No gain from unnecessary cuts to Government staff


They are called bureaucrats. To many people they are an unknown army working away in bland Government offices on tasks that might seem dull and mundane to many. However by the laws under which this country functions, those tasks have to be done and without which, many of the services and core functions of Government would simply grind to a halt.

I am talking here about several different categories of people in each company, each organization, each branch of government whose role is necessary to perform the tasks deemed necessary by the  companies, the organizations, the Government agencies/councils/ministry’s in order to comply with the law. I am talking about the accountants who handle the finances, the I.T., the laboratory technicians if one is working for anywhere that requires solid scientifically recorded data such as water quality samples, the Geographic Information System (G.I.S.) analysts who try to interpret data on a temporal and spatial scale, as well as the Human Resources and a host of others. All of these people are needed to ensure that a Government agency works effectively and that without them a significantly larger number of Government bodies will not perform the statutory requirements (i.e. ones required by the law).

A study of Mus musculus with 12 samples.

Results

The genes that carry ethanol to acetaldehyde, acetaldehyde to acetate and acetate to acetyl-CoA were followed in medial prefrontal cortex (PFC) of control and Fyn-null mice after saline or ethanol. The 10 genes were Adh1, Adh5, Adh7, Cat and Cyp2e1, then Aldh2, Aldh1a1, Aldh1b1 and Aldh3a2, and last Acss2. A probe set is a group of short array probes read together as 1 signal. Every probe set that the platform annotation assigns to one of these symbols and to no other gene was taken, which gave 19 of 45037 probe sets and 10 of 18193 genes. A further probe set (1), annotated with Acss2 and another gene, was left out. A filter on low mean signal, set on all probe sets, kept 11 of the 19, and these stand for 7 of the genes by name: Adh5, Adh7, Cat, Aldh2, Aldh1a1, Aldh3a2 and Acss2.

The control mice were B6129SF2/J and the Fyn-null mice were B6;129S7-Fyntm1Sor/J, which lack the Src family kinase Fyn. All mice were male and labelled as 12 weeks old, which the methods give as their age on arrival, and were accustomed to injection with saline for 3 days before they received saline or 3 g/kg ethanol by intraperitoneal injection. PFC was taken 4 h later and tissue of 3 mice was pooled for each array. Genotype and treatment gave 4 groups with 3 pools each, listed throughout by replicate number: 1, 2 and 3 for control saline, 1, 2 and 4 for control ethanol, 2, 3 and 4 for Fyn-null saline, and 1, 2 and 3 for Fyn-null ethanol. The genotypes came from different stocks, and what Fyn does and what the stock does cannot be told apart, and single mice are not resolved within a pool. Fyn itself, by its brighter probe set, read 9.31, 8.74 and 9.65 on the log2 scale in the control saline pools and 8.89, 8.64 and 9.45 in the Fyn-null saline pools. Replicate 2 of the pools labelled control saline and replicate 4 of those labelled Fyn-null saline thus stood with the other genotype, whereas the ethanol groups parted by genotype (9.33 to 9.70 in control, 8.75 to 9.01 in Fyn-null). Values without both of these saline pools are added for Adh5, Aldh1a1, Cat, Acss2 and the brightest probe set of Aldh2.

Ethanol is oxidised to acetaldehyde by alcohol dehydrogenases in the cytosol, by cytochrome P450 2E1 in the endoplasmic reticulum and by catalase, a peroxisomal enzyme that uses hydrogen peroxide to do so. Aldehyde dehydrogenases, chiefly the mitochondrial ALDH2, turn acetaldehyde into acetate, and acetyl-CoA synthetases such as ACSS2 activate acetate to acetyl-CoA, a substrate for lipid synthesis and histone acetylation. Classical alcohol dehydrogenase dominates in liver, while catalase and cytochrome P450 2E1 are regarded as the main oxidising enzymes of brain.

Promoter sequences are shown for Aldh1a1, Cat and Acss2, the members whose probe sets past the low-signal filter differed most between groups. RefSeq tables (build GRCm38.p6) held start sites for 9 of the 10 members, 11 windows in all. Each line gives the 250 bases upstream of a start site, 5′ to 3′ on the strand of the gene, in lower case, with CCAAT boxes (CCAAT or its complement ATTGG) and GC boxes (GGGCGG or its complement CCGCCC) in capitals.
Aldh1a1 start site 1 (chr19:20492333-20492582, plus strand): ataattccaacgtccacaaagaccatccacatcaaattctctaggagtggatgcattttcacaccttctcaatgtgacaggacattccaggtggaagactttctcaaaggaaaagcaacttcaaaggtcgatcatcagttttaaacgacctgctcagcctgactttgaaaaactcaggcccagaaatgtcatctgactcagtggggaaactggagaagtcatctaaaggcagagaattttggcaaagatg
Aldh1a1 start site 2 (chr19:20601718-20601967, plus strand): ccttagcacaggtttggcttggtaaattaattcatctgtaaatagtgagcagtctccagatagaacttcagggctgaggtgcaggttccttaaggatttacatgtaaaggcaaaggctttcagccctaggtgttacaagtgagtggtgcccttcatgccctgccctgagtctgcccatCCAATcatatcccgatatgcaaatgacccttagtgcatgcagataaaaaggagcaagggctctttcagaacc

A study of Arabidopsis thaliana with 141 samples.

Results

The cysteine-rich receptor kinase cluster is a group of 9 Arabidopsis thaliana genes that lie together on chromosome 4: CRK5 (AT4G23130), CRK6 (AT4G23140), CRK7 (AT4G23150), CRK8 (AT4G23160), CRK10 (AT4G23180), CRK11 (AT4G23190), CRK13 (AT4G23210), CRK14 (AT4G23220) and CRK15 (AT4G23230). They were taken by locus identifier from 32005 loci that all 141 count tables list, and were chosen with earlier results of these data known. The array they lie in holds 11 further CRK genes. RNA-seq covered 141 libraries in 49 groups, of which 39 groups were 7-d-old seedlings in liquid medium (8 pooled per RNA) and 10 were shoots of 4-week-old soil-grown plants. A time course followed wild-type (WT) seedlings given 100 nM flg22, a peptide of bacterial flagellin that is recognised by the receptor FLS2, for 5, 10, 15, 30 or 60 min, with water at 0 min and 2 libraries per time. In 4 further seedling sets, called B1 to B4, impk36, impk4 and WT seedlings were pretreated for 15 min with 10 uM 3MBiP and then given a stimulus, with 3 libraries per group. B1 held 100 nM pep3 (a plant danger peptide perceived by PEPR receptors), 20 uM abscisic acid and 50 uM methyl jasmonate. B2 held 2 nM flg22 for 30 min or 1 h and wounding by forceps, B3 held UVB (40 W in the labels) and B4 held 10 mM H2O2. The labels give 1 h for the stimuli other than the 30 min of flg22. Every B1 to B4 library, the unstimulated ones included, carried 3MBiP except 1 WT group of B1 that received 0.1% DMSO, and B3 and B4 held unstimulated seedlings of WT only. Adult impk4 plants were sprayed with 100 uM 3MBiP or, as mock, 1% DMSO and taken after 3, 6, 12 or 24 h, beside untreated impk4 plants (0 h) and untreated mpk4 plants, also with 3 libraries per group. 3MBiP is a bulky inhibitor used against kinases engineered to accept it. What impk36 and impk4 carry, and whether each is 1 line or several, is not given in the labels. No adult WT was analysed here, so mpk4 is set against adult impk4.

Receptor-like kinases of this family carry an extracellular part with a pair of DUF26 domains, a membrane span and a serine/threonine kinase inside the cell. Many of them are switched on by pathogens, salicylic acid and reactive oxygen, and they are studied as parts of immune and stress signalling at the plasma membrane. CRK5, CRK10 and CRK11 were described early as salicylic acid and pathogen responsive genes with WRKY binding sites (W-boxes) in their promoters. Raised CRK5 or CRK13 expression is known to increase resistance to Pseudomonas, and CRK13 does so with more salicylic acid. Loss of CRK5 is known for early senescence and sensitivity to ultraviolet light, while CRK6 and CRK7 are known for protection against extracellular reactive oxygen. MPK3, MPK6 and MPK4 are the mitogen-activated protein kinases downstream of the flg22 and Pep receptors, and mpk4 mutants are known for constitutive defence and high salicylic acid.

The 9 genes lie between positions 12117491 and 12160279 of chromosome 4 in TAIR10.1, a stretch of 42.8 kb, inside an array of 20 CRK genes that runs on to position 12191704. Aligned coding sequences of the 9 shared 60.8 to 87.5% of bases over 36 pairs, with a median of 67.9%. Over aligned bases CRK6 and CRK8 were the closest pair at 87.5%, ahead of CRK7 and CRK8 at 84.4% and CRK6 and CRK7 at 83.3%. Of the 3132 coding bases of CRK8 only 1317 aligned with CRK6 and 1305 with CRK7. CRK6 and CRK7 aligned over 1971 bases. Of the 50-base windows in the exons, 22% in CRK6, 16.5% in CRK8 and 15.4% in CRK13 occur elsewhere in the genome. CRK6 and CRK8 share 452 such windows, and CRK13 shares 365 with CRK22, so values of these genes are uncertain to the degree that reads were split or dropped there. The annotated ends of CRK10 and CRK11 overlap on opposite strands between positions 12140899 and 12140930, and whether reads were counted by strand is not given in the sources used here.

Are bureaucrats perfect? Of course not, and some really are quite colourless people just interested in doing their job, collecting their pay and going home.  How many people actually bother to stop and check their facts before loosing off a barrage of verbal and written rockets, that are improperly aimed? My guess is not that many.

I suppose you could have called me a bureaucrat in 2008-2011, when I was working at Environment Canterbury. Unless you were one of my colleagues, a friend or a relative you would not have known about the reports I helped to write, the maps I helped to make, the time I spent in the field collecting data. You could not have known about the reasoning behind the tasks that I did. But they all had a purpose. Some were things like making sure Environment Canterbury had a register of all of it groundwater monitoring devices in the field. Others were mundane filing jobs.

If a Ministry comes up with report on a subject and it looks like it was written by a university student, have a look beyond the fact that the Ministry needs to have staff who can write properly. Have a look at how and why the Ministry in question managed to put out such a report. Is it properly staffed? Do the staff know what they are supposed to be doing and why? Are they being given adequate training and support? If the answer to any of those questions is no, perhaps those mass lay offs of planners and analysts was not such a smart idea after all.